Leinster's Kevin McLaughlin aiming to win Heineken Final starting spot and tour berth
IT is testament to Leinster's depth of resources that their Heineken Cup final starting line-up is not locked down even after the epic victory in Bordeaux.
Indeed, the problem for Joe Schmidt is that he cannot reward all his in-form players which, to be fair, is not the worst problem for a head coach to have.
This is borne out by the shadow side he sent to Rodney Parade returning home with a superb victory over the Dragons, despite not containing one starter from the victory against Clermont the previous weekend.
There is a stiff battle for a place in the back three following injury to Luke Fitzgerald, and Richardt Strauss and Sean Cronin are scrapping at hooker, as are Eoin Reddan and Isaac Boss at scrum-half.
Then there is Kevin McLaughlin. After some excellent displays in the run-in, the 27-year-old back-row was arguably the unluckiest Leinster player to miss out on selection for the semi-final, when Schmidt opted for the breakdown nous of Shane Jennings instead.
The Leinster back-row trio went extremely well in Bordeaux, but McLaughlin was still missed -- not just for his tackling ability (which he demonstrated off the bench through his contribution to Leinster's final-securing end-game) but mainly for his ability out of touch.
Brad Thorn has brought a great deal to the Leinster forward effort, but the New Zealand World Cup winner is no Victor Matfield at line-out time and has had to adjust to new calls and moves in a relatively short period of time.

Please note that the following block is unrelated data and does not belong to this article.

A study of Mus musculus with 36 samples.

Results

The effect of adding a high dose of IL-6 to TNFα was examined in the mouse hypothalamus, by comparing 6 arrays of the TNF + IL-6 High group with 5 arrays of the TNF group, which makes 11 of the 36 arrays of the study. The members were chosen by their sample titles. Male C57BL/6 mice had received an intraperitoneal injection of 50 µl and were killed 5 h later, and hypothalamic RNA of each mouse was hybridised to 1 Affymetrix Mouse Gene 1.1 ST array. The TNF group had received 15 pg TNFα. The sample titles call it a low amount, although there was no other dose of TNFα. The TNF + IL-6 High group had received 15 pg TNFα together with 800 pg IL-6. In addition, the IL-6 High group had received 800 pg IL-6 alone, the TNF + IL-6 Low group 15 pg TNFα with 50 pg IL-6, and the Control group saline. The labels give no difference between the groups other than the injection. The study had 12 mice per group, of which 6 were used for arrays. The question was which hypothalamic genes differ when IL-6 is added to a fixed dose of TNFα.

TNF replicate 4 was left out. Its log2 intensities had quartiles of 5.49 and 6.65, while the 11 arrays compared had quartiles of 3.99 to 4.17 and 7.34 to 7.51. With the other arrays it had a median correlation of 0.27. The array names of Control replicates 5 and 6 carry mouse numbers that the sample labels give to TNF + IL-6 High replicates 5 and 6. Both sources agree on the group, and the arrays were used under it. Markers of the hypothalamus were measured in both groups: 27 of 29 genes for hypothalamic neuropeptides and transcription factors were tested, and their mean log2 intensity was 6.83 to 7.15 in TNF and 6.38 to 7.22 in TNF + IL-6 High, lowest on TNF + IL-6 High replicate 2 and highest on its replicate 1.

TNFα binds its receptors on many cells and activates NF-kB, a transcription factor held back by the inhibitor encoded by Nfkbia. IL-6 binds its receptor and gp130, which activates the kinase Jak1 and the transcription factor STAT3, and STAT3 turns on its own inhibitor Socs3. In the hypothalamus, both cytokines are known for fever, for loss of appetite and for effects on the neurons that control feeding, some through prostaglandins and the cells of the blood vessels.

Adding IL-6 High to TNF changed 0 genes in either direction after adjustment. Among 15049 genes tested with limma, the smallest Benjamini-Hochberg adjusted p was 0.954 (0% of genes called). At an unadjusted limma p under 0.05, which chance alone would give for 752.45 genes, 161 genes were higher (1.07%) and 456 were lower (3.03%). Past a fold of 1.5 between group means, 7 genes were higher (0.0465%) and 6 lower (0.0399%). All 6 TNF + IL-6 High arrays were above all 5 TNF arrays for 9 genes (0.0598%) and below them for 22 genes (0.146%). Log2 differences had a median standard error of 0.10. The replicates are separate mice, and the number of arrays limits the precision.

The line-out wobbled against Clermont, who were considerably taller and had one of the world's fore-most experts in the air, Julien Bonnaire, in their ranks.
They will face another challenging examination against Ulster, where Johann Muller has overseen the most efficient operation in the competition and, while Jamie Heaslip is useful at the tail, McLaughlin's extra height makes a strong argument for inclusion in Twickenham.
The player himself is doing all he can to force his way back in, proving an excellent leader in Newport (his third win from three outings as captain) and banking on another big game in the Pro12 play-off semi-final against Glasgow this weekend to give Schmidt further selection headaches.
And his ambitions do not end there. McLaughlin has 72 caps for Leinster going back to his UCD, All-Ireland League days in 2006-07 -- a good return given his injury problems in the past and the competition in the back-row -- and getting a three-year deal earlier this season (most contracts are awarded on a two-year basis) shows how highly he is regarded in the province.
However, as well as his Leinster drive, McLaughlin is also desperate to add to the two caps he has won for Ireland (a start against Italy in 2010 and a second-row cameo in the World Cup warm-up defeat to Scotland last August). He feels he is in a pretty good position to satisfy both goals.
"I feel I'm playing as well as I've ever played and my body feels really good," said McLaughlin. "It's the first time in my career I've gone 15 months relatively uninjured so I'm feeling great, as fit as I ever have and I'm really enjoying my rugby at the moment, playing with a great team.
"I'm an ambitious guy and I want to play all the big games, but for the guys who don't get picked, it's hugely important you keep your disappointment to yourself and when you do get your chance to come on you make as big an impact as you can.
"There are definitely areas of my game I can improve," he added.
"I'm always looking to improve my attack.
"I'm work-ing with Joe as well as Jono (Gibbes) on that the whole time, so it's exciting times ahead.
"Hopefully I can push my name in for the tour to New Zealand.
"I've been really positive over the last few weeks. I know myself that I'm playing well so I'm just enjoying myself and, hopefully, I'll get picked for the next couple of big games. We'll see."